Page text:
How To Tell If a Cashmere Scarf Is Real

Over the past few years I have been selling used cashmere on the internet on various well know auction websites and I have seen countless amounts of fake clothing. It mainly tends to be high end designer brands which are the target for counterfeiters as these are in high demand and are expensive. Brands including Stone Island, Gucci, Ralph Lauren, Burberry etc are commonly cloned. Fraudsters will try to recreate anything from leather hands bags to trainers and sweaters and everything in between. One thing which there is no shortage of is fake cashmere scarves. Read on to see how to identify a fake cashmere scarf and make sure you buy the real thing!

The Feel Test

After working in the used clothing industry for the past few decades you tend to develop a knack at identifying cashmere by the touch. Quit often I can define the composition of cashmere within a garment just by touching it.

Cashmere has a uniqly soft feel, unlike any other natural fibre on earth. Compared to wool which feels more coarse and rough. Cashmere fibres are extremely fine and delicate, whereas wool fibres are tough and hardy which can sometimes irate peoples skin and cashmere should not.

Cashmere scarves are usually either woven or plaid. The plaid cashmere scarves tend to have more of a matted appearance, whereas the woven scarves have a weave similar to that found in a cashmere sweater or cardigan. Either way both styles should feel super soft.

The Bobble Test

Photo of a fake synthetic ‘cashmere’ scarf

Cashmere and other natural fibre bobbles after prolonged use, whereas synthetic man made material does not. The bobbles on cashmere scarves can usually be picked off an removed. The bobbles on synthetic scarves are difficult to remove and sometimes fake synthetic ‘cashmere’ scarves will become matted and not bobble at all.

The Label

This is not a fool proof way of identifying a fake cashmere scarf as a label can easily be attached to a scarf. Although fake cashmere scarves quite often have cheap looking labels which are poorly stitched to the scarf or stuck on. Other scarves will just have the words ‘cashmere’ on and no indication to the washing instructions or the full material composition.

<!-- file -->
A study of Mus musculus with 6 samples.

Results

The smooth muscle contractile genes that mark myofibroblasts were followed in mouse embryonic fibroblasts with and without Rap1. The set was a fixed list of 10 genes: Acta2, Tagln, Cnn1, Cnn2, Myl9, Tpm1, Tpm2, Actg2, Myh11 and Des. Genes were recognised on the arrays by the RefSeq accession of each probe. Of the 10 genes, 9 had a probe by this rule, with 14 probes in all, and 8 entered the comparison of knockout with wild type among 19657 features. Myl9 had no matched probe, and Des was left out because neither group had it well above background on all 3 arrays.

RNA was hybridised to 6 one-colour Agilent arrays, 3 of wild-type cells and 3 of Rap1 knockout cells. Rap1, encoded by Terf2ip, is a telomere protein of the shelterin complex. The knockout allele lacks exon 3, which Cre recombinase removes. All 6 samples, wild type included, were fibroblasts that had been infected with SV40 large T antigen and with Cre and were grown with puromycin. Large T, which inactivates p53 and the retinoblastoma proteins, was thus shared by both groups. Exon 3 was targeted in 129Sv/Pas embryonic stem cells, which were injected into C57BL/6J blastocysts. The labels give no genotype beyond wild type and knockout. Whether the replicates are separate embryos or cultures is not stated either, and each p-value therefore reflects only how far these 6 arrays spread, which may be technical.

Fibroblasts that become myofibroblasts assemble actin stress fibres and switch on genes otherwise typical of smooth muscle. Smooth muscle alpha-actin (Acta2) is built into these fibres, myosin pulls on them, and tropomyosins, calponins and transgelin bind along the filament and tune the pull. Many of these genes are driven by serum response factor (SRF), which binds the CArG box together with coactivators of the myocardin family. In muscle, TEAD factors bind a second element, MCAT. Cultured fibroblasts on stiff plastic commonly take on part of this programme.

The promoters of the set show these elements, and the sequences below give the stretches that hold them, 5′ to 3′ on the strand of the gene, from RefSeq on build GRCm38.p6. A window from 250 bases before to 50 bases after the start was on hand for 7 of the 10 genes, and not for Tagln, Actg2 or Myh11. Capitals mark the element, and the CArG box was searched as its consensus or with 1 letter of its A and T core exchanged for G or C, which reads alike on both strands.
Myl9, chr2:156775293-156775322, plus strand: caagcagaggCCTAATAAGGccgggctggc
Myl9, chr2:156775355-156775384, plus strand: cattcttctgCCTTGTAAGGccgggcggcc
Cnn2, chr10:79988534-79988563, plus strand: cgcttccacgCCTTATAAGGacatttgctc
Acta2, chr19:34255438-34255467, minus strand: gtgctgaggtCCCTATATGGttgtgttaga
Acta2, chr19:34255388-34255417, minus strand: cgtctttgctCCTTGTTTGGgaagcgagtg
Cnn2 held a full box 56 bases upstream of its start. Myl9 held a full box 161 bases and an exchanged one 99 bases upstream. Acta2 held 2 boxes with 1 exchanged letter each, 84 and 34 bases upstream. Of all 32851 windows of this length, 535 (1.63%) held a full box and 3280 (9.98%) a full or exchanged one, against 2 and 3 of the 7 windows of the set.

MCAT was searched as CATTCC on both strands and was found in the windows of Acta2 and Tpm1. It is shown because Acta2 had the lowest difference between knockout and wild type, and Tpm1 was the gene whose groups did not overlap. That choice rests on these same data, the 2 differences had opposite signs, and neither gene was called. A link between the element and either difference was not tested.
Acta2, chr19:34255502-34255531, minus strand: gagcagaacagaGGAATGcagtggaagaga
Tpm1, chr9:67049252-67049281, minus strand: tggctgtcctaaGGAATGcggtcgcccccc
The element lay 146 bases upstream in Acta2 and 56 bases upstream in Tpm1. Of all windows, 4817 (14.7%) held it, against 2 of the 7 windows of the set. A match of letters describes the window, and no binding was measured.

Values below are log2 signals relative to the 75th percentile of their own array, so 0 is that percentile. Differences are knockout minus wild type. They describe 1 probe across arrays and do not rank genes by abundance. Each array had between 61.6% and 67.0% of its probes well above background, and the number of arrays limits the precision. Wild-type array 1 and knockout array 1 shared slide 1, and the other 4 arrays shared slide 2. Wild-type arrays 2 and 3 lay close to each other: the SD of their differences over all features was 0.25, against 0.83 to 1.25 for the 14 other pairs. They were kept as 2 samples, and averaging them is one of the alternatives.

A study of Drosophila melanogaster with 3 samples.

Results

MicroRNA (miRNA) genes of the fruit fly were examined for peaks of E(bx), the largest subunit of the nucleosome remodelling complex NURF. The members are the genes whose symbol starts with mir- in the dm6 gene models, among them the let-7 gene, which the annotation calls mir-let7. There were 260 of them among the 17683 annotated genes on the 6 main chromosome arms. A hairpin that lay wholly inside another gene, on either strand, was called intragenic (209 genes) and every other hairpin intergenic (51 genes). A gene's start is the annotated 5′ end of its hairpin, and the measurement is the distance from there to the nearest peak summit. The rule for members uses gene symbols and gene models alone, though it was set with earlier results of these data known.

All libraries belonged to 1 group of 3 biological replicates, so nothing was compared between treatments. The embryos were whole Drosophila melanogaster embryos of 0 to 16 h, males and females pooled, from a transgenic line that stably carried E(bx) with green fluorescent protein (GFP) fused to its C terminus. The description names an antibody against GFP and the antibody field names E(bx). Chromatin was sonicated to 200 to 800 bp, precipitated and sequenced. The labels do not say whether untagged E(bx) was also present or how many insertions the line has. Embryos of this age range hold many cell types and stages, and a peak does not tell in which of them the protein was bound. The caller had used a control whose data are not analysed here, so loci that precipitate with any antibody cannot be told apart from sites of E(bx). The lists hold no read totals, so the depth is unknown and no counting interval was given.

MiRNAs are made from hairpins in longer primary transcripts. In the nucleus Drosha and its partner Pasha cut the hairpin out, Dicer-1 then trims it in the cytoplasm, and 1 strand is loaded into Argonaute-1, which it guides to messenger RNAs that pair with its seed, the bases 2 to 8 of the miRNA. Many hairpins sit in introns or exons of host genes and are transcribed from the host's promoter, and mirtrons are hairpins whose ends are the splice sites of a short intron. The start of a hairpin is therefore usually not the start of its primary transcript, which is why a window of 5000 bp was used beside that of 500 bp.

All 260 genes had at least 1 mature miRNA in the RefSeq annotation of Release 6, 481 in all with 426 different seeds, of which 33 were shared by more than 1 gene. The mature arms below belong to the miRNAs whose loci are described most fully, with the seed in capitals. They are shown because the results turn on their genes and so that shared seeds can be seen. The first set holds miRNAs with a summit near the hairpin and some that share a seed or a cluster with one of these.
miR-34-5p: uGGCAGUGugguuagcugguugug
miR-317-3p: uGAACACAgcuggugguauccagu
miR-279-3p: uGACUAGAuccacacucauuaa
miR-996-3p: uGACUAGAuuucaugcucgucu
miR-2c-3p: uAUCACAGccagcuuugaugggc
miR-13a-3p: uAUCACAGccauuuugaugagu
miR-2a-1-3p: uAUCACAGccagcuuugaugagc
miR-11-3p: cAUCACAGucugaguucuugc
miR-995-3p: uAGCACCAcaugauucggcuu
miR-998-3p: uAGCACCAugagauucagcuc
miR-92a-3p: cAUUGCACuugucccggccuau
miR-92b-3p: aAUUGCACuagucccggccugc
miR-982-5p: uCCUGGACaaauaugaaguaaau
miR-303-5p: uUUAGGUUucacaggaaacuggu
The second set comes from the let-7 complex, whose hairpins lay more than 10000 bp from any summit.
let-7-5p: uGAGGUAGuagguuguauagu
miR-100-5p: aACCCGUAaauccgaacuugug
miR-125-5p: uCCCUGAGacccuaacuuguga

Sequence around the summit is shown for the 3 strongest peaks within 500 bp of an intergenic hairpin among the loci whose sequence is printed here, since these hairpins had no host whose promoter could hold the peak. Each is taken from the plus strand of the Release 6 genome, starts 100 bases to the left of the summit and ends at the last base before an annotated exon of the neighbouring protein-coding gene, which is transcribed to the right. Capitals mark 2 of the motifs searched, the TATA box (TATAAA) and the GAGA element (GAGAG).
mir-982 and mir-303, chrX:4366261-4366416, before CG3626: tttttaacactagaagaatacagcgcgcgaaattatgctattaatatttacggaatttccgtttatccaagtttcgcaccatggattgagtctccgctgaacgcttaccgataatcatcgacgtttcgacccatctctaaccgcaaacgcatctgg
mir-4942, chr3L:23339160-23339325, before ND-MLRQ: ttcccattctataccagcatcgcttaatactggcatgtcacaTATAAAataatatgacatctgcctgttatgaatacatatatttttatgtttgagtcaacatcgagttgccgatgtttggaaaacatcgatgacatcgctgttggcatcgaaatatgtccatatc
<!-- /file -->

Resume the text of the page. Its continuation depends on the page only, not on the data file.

The Burn Test

This is a great way to identify the presence of cashmere fibres within your scarf.

  • Gather a pinch of cashmere fibres from your scarf .
  • Roll them into a small ball and place them on a hard surface.
  • Slowly burn the fibres with a flame.
  • Cashmere will burn slowly and shrink then reduce when the flame is applied, this will create the smell of burning human hair. The ash will then turn to powder.
  • Synthetic man made materials will smell like burning plastic and create black smoke, which will carry on burning after the flame is removed and will go hard
A video of someone performing the cashmere burn test in Nepal

How It’s Described

Online sellers can be rather deceiving when describing there fake cashmere scarves. Sometime they will be called ‘cashmere scarf’ but if you look at the composition it only contains a small amount of cashmere. Other sellers will describe them as ‘cashmere touch or feel’, this usually means there is either very little cashmere or no cashmere present at all. Make sure it says 100% cashmere in the description.

Also be careful when buying pashmina scarves as these are meant to be pure light weight cashmere as the fibres are thinner, but a lot of pashmina scarves online are made of a mix of cashmere and silk or nylon and other silky man made materials.

Price

The price is another indication of the scarfs authenticity as cashmere is expensive and it takes so long to gather. The average price of our used pure cashmere scarves is £25.00, so if you see a brand new cashmere scarf for sale for £9.99 then it is definitely not 100% cashmere and will not feel anything like the authentic product. Click here to view our range of pre loved cashmere scarves.

Under the Microscope

The most accurate way to identify cashmere, under a microscope

Examining the cashmere closely under a microscope is probably the most die hard way to identify authentic cashmere. The only problem with this is not everyone has a microscope and it can still be difficult to identify natural cashmere fibres under a focused lens as there are so many different man made synthetic materials to confuse you.

I don’t have any experience in viewing cashmere under a microscope myself so I have provided a few links below which delve into this subject more thoroughly.

So that’s it folks! I hope this guide helps you in some way to steer well clear of those shoddy fake cashmere scarves that are flooding the market. If you have any questions feel free to leave a comment and I will try my best to answer your question!